On Drinking Alcohol: My Personal Stand and Practice
I’ve been wanting to blog about drinking alcohol, but I just don’t know when to do it. Now, Christmas is fast approaching. Dinner tables will soon abound with wines and champagne. Since Christmas is nearing, and Tim Challies happened to blog on the same topic, I believe now is the perfect time.
My Personal Stand
I’m only basing my conviction on the Bible. So let us know what the Bible says about drinking alcohol. (From now on, I’ll refer to drinking alcohol as drinking, unless I otherwise indicate).
But before anything else, let’s define drinking. I will define it this way: It is the moderate intake of alcohol. By moderate I mean “not given to drunkenness.” Throughout the blog, I will use this definition.
So what does the Bible say about drinking? As far as I know, there is no place in the Bible where drinking is forbidden or condemned. What is clear is that drunkenness is forbidden (Ephesians 5:14). It is associated with other sins (see Matthew 11:19, Romans 13:13, 1 Corinthians 6:10, Galatians 5:21, 1 Peter 4:3). Christians shouldn’t even associate with drunkards (1 Corinthians 5:11).
So I believe that drinking is not a sin. In fact, at a wedding in Cana, Jesus turned the water into wine (John 2:1-11). I believe that as a guest in this celebration, Jesus drank wine. But even if He did not, He wouldn’t turn the water into wine if He knew that drinking is sinful.
Also, the apostle Paul advised Timothy, his child in the faith, to drink “a little wine for the sake of [his] stomach and [his] frequent ailments” (1 Timothy 5:23). Clearly, alcohol has health benefits and medicinal value. Just like Jesus, Paul wouldn’t advise Timothy to drink wine if drinking is sinful.
Now, I’m ready to share my practice. To guide myself, I will attempt to answer the following questions: What and how much do I drink? When and how frequent do I drink? Where do I drink? And with whom do I drink?
I usually drink red wine and a special kind of beer. (I say special because I dislike the taste of beer. Believe it or not, I couldn’t even finish a bottle of light beer. I only drink dark lager [recently learned about this], in which Cerveza Negra is one. Cerveza Negra tastes like red wine. That’s why I like it). I only drink a glass or two of red wine or a bottle or two of beer. Two is enough for me.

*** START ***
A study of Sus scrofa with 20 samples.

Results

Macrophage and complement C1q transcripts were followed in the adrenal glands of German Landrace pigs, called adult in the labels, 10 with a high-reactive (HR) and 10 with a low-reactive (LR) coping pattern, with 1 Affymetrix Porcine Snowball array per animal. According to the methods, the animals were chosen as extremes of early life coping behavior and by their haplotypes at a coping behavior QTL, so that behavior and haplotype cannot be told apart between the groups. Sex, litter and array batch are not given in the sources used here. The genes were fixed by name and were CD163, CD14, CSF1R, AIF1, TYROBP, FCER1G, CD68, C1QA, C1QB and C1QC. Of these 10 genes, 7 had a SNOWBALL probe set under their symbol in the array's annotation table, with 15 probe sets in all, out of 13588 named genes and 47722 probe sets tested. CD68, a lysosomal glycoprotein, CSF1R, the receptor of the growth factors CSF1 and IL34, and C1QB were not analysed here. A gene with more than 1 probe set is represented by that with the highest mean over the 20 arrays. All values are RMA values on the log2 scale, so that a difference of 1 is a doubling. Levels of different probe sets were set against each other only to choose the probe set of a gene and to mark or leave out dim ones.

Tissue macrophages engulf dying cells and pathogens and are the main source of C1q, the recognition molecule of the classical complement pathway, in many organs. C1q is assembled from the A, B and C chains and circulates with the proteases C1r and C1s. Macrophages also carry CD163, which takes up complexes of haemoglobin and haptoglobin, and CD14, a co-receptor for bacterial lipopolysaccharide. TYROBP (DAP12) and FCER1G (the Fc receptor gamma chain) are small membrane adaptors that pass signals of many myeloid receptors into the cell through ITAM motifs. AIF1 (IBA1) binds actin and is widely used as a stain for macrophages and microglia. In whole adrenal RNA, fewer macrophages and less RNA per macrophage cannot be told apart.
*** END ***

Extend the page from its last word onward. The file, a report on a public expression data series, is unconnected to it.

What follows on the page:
And I usually drink when there are special occasions, such as birthday celebrations and reunions. Sometimes I drink when I hang out with (Christian) friends. I love to drink red wine after a good meal, especially when there is an excellent piece of meat. Since I usually drink on special occassions, I guess it’s safe to say that I only drink occasionally.
I drink at homes (where birthday celebrations and reunions are usually held) or at restaurants. I drink with friends and relatives (usually Christians) who shares the same convictions as I do or understand my conviction and wouldn’t stumble. I normally ask first for my friends’ permission. If they permit, then I drink.
(I might write another blog in the future. This time, it’s about the believer’s freedom).
I expect some questions to be thrown at me. And I’ve already thought of some. I will post them below in the form of a question, and I will answer one by one.
Am I actually encouraging drinking?
No. I leave the decision to drink to the Christian and his conscience. And I still prefer coffee over alcohol. (By the way, coffee is my favorite drink in the world).
What do I think of speakers who may not be explicitly condemning drinking, but in their talks they sounded as if it is a sin?
I have to be careful here. I want to believe that those speakers are concerned with the context or the place where the drinking is done. Maybe they are against drinking if it’s done in a questionable place, such as a bar or a night club.
But if they’re saying that drinking per se is a sin, then there’s something wrong. They are setting themselves as authorities, going beyond the Bible. I want to encourage them with the words of my pastor, “Do not go beyond the Bible.”
Am I willing to give up drinking if the authority tells me to?
Of course! The Bible says that we must submit to authorities (see Romans 13:1-7). And I’m more concerned with the unity of the church than with red wine and Cerveza Negra.